When an employer hires employees, an employee will take the time to fully understand the benefits that come with their new position. This often means looking at specific benefits that provide funds for their future and their retirement. Take for example an ERISA qualified pension plan. This plan is devised to benefit employees; however, these funds could be compromised if theft or other crimes occur in the workplace.
What are ERISA bonds and how do they protect employee benefits? In simple terms, an ERISA bond is another form of insurance used to protect employee benefit plans. These bonds are taken out against those that control the funds of these plans, in other words, the fiduciaries. With regards to an ERISA qualified pension plan, fiduciaries would be the investment manager, investment advisors and trustees.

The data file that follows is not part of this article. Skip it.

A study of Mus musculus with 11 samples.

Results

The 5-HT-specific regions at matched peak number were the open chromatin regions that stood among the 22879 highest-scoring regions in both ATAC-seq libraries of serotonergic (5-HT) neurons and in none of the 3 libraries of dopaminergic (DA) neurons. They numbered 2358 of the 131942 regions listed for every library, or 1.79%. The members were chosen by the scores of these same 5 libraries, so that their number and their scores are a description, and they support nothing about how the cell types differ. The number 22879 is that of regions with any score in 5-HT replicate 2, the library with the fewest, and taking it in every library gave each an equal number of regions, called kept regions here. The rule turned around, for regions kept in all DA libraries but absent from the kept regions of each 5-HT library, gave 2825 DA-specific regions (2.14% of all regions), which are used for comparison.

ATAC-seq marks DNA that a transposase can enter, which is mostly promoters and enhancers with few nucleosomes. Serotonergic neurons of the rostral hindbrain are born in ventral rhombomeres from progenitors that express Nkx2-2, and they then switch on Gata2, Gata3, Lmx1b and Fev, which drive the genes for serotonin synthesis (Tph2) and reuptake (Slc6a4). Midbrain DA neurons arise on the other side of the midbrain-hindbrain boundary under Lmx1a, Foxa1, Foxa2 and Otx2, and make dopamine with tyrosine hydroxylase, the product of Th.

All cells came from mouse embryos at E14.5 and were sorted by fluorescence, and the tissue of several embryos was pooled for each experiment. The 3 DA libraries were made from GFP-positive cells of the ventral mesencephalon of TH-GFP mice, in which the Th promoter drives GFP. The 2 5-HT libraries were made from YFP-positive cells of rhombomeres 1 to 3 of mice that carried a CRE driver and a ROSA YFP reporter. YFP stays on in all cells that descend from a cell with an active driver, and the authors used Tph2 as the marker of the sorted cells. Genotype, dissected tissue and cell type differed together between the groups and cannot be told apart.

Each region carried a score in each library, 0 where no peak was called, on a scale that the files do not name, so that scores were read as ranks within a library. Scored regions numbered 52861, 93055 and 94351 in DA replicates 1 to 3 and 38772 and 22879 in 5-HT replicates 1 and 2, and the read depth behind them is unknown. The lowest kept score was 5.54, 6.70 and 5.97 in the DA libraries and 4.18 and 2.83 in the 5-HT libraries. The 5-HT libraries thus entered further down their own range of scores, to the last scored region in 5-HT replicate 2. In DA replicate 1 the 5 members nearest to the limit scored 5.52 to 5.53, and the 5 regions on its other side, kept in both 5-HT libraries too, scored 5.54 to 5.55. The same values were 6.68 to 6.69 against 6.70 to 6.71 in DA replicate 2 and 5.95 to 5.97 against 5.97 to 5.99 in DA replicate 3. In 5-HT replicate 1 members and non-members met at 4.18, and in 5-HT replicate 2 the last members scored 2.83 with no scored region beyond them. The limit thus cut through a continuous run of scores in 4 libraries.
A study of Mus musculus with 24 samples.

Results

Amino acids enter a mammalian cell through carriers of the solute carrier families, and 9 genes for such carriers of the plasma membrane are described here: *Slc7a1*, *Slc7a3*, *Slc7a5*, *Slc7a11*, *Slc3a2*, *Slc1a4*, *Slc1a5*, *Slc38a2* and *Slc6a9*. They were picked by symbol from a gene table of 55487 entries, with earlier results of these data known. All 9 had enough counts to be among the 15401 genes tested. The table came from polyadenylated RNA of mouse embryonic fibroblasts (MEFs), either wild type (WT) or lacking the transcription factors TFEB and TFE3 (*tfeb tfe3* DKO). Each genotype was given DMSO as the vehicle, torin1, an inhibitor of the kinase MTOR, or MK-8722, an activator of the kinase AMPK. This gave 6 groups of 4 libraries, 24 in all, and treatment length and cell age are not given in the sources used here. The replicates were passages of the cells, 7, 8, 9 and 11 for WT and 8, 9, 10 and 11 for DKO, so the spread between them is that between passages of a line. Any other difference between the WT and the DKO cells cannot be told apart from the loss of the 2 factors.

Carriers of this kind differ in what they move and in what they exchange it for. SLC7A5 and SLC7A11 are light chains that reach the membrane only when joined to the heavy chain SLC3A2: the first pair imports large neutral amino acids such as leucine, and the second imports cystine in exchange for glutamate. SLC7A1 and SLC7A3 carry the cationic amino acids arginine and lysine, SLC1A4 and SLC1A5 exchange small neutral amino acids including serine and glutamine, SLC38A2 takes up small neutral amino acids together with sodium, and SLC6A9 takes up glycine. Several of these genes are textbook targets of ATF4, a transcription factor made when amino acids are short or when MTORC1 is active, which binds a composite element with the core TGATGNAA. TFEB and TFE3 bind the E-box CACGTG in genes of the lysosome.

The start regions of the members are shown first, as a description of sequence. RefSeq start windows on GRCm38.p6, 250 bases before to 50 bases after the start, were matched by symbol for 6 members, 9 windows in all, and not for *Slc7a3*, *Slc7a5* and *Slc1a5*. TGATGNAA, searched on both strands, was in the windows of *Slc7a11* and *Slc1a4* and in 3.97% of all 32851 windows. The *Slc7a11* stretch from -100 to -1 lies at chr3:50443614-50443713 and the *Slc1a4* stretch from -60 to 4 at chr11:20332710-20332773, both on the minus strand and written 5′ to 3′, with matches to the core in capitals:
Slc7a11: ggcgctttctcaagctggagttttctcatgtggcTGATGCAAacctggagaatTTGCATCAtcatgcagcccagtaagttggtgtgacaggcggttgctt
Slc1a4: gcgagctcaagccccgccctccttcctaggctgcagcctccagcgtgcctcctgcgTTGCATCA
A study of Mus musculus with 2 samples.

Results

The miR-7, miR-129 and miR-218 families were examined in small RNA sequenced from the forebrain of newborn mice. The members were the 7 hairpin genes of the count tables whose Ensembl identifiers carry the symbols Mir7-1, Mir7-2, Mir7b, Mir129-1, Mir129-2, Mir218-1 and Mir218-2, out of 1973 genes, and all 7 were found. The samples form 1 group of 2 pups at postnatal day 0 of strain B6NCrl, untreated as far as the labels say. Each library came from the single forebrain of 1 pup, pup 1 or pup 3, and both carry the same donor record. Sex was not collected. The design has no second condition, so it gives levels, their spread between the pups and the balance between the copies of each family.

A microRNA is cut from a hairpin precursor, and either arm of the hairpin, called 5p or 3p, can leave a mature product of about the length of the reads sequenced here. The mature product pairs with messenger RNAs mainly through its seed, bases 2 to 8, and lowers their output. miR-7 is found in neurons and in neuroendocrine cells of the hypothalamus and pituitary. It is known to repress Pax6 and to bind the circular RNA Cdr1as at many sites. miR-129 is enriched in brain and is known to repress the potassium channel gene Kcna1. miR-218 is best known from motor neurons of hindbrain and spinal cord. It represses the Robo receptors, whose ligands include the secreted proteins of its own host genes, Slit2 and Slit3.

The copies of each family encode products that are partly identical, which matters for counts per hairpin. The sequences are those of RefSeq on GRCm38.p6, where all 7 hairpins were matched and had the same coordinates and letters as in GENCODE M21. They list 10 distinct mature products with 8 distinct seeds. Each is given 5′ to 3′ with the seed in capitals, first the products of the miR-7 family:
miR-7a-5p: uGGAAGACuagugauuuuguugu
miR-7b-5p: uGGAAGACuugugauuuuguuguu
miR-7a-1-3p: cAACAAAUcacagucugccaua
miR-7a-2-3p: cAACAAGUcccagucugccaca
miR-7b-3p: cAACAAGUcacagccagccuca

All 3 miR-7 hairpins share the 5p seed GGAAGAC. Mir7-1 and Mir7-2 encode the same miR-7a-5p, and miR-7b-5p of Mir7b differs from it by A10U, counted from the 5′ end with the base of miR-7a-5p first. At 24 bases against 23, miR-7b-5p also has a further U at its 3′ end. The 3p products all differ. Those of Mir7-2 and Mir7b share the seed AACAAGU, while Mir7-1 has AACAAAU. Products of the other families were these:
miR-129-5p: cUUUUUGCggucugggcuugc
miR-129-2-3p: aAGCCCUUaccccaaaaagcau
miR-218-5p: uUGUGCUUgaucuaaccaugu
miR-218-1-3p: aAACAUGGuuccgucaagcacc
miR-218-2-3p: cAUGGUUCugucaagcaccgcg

Essentially, an ERISA bond is a mechanism that helps ensure that the participants of the plan are protected when certain events occur. This includes fiduciary fraud, dishonesty or criminal behavior in the workplace. But ERISA is not like a standard insurance that will cover full loses. An ERISA bond will only cover up to the pre-calculated payout amount.
While ERISA bonds are technically required, there are no penalties for fiduciaries if they decide not to purchase ERISA bonds for their plan. This means that if there is an act of fraud, dishonesty, theft or other criminal act, the fiduciaries will have to pay out-of-pocket.
When an act occurs that impacts employee benefits, it is important to understand what this means, how these benefits are protected and what steps are necessary. In some cases, this means filing a claim to obtain these funds but also take action against those that compromised them. In cases where no bond exists, employers and employees should take the time to understand what steps are necessary to make themselves whole again.